IFAs are calling for an open forum between insurance companies, regulators, IFAs and trade bodies to...
IFAs are calling for an open forum between insurance companies, regulators, IFAs and trade bodies to discuss the Professional Indemnity crisis before it deepens further.
Intermediaries say a compromise or way of reinstating affordable PI cover needs to be found as many are still struggling to find suitable cover, even after the FSA modified rules governing compliant PI insurance.
Changes to PI rules were announced at the end of last month - just days before the bulk of IFA policies were due for renewal - following negotiations between the Association of IFAs, the FSA and PI insurance providers.
However, insurers and trade bodies say the changes came too late to have any impact, and it could be some time before the "hard" insurance market calms down.
Citing evidence already seen in Australia, IFA Evan Owen says discussions need to be held now as IFAs are making decision to close their businesses because they are so worried about the liabilities no longer covered.
PI premiums rose so high in Australia for anyone needing indemnity insurance that the Australian Senate was forced to introduce legislation last month, to limit the claims which can be made against those insured and encourage more insurers back into the market.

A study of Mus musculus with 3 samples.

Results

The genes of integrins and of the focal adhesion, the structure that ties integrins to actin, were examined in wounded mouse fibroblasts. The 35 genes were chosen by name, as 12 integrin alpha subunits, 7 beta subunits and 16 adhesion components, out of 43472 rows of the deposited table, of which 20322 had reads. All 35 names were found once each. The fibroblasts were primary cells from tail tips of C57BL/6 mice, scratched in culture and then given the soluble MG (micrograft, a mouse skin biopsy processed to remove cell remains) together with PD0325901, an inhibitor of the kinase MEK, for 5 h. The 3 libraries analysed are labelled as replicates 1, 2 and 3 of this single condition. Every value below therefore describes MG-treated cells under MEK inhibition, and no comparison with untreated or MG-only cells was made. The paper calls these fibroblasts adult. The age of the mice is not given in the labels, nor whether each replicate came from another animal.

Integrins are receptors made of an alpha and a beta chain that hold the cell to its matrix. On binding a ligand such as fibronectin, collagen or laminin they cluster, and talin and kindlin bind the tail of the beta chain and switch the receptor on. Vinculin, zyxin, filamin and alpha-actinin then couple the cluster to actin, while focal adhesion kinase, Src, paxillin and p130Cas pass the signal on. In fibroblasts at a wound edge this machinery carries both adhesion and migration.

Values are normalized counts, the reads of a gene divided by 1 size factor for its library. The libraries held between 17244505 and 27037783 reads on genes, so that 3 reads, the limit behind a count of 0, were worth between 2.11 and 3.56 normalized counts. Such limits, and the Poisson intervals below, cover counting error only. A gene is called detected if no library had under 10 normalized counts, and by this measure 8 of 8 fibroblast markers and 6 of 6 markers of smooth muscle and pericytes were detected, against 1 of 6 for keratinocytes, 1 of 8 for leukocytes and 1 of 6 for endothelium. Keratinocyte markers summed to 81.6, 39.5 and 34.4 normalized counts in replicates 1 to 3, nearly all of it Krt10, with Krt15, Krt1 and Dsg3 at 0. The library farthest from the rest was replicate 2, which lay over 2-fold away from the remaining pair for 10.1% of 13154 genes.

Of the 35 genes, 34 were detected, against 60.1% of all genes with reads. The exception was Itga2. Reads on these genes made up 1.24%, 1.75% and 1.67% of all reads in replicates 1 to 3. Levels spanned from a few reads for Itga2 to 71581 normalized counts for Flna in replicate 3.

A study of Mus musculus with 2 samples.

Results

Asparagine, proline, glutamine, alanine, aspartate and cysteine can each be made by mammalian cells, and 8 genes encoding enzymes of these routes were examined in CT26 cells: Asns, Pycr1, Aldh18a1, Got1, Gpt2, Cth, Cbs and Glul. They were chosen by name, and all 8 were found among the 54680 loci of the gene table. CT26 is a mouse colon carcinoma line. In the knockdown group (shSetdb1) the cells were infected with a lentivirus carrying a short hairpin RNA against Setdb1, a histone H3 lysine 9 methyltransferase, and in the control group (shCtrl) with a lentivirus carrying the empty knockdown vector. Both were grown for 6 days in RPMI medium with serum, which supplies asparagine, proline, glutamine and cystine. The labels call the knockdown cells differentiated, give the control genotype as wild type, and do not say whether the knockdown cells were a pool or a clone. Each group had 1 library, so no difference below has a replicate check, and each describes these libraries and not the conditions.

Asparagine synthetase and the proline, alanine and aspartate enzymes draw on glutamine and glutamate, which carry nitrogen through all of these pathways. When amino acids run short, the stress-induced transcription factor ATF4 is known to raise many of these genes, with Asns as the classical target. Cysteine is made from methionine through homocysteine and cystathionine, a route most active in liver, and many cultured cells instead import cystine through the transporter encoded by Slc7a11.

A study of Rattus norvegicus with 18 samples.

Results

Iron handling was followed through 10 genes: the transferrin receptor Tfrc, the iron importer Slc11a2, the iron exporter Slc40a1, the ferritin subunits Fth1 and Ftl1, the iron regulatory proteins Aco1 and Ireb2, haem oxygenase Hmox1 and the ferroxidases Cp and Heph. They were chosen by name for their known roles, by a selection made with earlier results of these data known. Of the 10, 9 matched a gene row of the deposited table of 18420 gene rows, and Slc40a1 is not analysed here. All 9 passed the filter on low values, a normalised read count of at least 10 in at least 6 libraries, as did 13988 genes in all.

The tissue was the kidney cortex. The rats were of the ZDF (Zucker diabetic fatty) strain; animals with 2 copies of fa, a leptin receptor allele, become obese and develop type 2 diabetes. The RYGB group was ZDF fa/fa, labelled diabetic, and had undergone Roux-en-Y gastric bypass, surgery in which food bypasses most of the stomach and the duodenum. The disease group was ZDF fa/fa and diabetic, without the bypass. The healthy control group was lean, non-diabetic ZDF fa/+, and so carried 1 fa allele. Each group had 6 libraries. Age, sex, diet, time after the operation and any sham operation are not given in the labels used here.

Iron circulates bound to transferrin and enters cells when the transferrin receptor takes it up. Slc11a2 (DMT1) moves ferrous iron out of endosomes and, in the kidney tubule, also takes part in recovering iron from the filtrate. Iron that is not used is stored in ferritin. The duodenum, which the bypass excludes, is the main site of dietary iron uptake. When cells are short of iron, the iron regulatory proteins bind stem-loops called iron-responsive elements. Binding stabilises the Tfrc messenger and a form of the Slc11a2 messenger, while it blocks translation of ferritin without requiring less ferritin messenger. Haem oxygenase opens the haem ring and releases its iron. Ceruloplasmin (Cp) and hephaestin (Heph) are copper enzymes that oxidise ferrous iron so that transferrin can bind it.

"It is not just financial services companies which are having this problem in finding indemnity cover, it is across the global insurance market," says Owens.
"In some cases, cover is almost worthless because the excess is set at £15,000 and claims are on average less than £3,000. The solution they found in Australia forced providers to bolster regulation on the products and some insurers put money into PI insurance for IFAs who held agency agreements. We have to do something before it gets any worse," adds Owen.
Only a handful of UK insurers and brokers now supply PI insurance to IFAs, however, the problem is now exacerbated as most of these firms are close to hitting the maximum level of business they can transact in the PI sector every year, says Fergus Chappel, marketing director at Collegiate Insurance Brokers.
"Some people were hoping that the FSA relaxation [on PI] would benefit IFAs with 1st November renewals. But it came a little late and I don't think we're seeing the full effect of this yet," says Chappel.
"Insurers can write so much premium income in relation to their capital business, but with the massive rate increases and fewer insurers this year, insurers have been hitting their premium income ceilings and cannot do any more business. It is not that they don't want to do business, they have reached their limit for the year," he adds.
Although there are no definite figures on the level of intermediaries who have yet to renew PI premiums, Owens says he has spoken with IFAs now closing their businesses either because they can't find compliant cover at a reasonable price, or because the excess they would have to pay before making a claim is extremely high in comparison to the average claim made by consumers.
Other PI insurers and officials at the FSA were unavailable for comment at the time of going to press.